Visually dazzling but convoluted, this story of a black cat that puts a curse on the Chinese imperial court, and a poet and monk called to investigate, is a fever dream you can either surrender to or give up on
Curiosity does not so much kill the cat as turn it into an immortal force of vengeance in Chinese director and co-writer Chen Kaige’s adaptation of Japanese writer Baku Yumemakura’s historical novel.
A major Sino-Japanese co-production, the supernatural murder mystery is crammed so full with dazzling visuals and convoluted exposition that viewers are advised to surrender to this fever dream – or give up entirely.
When a talking black cat begins to roam the royal court during China’s Tang dynasty, and puts deadly curses on the emperor, his heir, and his chief imperial guard (Qin Hao), Chinese poet turned palace scribe Bai Juyi (Huang Xuan) and visiting Japanese monk Kukai (Shota Sometani) are intrigued enough that they decide to investigate the rising body count the haunting is causing.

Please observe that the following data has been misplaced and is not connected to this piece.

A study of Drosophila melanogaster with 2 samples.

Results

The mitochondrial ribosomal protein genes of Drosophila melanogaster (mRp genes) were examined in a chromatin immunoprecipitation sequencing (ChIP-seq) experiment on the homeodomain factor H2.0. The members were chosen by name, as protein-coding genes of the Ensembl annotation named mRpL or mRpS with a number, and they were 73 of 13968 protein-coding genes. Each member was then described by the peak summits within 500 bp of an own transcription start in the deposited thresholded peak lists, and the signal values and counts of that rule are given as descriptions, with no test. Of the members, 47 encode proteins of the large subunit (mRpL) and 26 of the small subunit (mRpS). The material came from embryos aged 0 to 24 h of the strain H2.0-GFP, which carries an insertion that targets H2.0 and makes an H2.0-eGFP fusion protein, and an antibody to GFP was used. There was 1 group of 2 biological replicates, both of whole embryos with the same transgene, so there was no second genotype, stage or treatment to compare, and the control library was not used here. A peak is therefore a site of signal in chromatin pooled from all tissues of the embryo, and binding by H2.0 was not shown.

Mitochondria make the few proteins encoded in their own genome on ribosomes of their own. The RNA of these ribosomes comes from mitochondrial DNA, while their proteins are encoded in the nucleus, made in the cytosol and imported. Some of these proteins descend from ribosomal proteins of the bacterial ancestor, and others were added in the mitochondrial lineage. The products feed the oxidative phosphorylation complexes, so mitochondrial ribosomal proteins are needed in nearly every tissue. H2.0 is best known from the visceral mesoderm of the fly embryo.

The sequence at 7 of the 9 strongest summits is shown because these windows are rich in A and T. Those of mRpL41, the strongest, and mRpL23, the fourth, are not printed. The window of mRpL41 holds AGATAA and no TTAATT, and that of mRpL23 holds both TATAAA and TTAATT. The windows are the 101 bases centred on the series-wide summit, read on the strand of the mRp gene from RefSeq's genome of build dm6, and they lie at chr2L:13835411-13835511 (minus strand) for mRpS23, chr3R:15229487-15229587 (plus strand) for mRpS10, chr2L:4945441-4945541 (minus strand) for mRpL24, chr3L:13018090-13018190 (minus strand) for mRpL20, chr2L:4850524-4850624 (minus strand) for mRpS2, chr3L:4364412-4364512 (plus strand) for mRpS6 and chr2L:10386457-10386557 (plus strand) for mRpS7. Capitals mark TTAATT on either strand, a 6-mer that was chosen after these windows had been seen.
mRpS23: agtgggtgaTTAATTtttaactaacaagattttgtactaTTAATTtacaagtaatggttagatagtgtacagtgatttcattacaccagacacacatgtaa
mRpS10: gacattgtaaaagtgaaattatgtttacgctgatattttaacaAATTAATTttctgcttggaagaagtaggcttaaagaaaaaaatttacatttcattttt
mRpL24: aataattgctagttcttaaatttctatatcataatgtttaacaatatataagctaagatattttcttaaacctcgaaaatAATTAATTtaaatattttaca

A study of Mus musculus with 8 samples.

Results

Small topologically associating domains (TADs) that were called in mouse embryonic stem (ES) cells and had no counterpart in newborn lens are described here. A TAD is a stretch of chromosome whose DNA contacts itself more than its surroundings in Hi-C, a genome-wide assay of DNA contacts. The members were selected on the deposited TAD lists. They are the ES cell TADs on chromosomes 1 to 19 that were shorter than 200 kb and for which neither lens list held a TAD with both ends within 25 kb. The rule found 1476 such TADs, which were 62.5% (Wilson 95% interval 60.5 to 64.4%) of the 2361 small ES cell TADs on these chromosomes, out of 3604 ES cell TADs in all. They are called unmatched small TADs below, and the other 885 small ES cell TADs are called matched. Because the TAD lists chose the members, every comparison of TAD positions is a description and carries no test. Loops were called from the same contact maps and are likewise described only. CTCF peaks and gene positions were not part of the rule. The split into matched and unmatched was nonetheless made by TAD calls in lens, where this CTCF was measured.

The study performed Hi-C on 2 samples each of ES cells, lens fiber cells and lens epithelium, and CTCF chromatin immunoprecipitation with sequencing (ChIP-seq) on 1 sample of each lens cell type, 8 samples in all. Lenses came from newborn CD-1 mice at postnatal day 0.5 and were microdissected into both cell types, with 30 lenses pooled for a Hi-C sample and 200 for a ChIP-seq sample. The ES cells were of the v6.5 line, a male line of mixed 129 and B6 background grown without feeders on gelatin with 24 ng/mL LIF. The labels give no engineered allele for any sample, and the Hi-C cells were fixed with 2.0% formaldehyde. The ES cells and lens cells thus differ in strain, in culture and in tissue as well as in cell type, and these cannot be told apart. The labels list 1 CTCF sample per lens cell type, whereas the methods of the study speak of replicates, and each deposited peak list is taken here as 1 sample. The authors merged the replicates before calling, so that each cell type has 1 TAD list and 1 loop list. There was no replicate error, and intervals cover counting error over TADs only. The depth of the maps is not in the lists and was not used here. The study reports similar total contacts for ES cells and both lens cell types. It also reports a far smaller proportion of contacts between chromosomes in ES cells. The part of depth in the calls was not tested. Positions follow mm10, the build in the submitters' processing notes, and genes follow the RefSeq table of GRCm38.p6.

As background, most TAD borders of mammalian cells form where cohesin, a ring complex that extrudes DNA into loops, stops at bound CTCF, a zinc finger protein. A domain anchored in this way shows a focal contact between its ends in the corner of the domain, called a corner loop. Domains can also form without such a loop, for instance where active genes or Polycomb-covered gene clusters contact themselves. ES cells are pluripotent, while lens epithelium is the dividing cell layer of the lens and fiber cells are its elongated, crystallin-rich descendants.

Bai learns of a grudge that may have begun with the death of consort Yang Guifei (Sandrine Pinna) during a rebellion 30 years ago, and that he may be picked to investigate because of a poem he’s writing about Yang’s love for emperor Xuanzong (Zhang Luyi), at which point the narrative shifts to Yang’s preposterously glamorous final months of life, related largely through the diary of a Japanese admirer (Hiroshi Abe).
A surreal spectacle that blurs the line between its magic tricks and paranormal occurrences, Legend of the Demon Cat mesmerises the viewer initially with its dynamic scenes of feline attacks, before making a mess of its emotional revelations by introducing too many characters too quickly. The film ends up too cluttered to convey adequately its themes of love and devotion.
Still, Chen’s insistence on grounding his grandiose vision in reality pays off. From the gigantic sets he built to the thousands of extras – and several cats – he employed for the filming, his vision of the Tang capital Changan transports the viewer even if the film does occasionally veer into horror.